Submitted to: Carribean Journal of Science
Publication Type: Peer Reviewed Journal
Publication Acceptance Date: May 5, 1999
Publication Date: N/A
Interpretive Summary: Plant bugs represent the largest and most economically important family of true bugs. Many species are pests of agricultural crops, while others are predatory and may be useful in biological control programs. Most of the more than 100 members of the genus Ceratocapsus are predators. While the exact habits of the Cuban species treated in this paper are unknown, other species of the genus are recorded preying on cotton bollworm, grape phylloxeran, lepidopteran larvae, and other soft-bodied arthropods. Because of the close proximity of Cuba to the United States, it is important to understand this fauna not only for taxonomic reasons, but from a quarantine aspect as well. For example, of the 65 species of plant bugs reported from Puerto Rico, 31 are also found in Florida, but only 44 species are known from a considerably larger and closer Cuba, of which only 22 are known from Florida, indicating that much more survey work and research is needed.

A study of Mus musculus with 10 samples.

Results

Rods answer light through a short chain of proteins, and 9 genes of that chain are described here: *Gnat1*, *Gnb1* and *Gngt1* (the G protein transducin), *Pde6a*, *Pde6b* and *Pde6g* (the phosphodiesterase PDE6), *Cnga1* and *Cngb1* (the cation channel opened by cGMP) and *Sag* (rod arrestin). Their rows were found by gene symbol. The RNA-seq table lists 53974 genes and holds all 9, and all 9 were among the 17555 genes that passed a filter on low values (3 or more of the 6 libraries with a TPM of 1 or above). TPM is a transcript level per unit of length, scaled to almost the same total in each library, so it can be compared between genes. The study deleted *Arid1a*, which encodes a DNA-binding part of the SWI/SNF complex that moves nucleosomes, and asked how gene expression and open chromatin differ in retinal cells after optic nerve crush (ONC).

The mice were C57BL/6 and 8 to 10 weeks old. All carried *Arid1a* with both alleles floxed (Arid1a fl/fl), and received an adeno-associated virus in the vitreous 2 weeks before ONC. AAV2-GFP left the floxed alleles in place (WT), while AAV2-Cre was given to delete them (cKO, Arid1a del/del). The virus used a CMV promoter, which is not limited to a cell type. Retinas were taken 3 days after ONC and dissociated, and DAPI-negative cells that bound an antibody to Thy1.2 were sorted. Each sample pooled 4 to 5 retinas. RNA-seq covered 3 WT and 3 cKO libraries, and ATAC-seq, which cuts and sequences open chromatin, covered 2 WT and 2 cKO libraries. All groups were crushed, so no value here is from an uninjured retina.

The Cuban species of Certopsus Reuter are reviewed. The three new species C. alayoi, C. holguinensis, and C. stonedahli are described, a neotype is designated for C. cubanus Bergroth, the vesica of the male of C. avelinae Maldonado is illustrated for the first time, and C. parallelus Maldonado is considered a junior synonym of C. punctulatus (Reuter). Figures of the male genitalia and habitus photographs are provided for selected species. A key to separate the Cuban species of Ceratocapsus is given.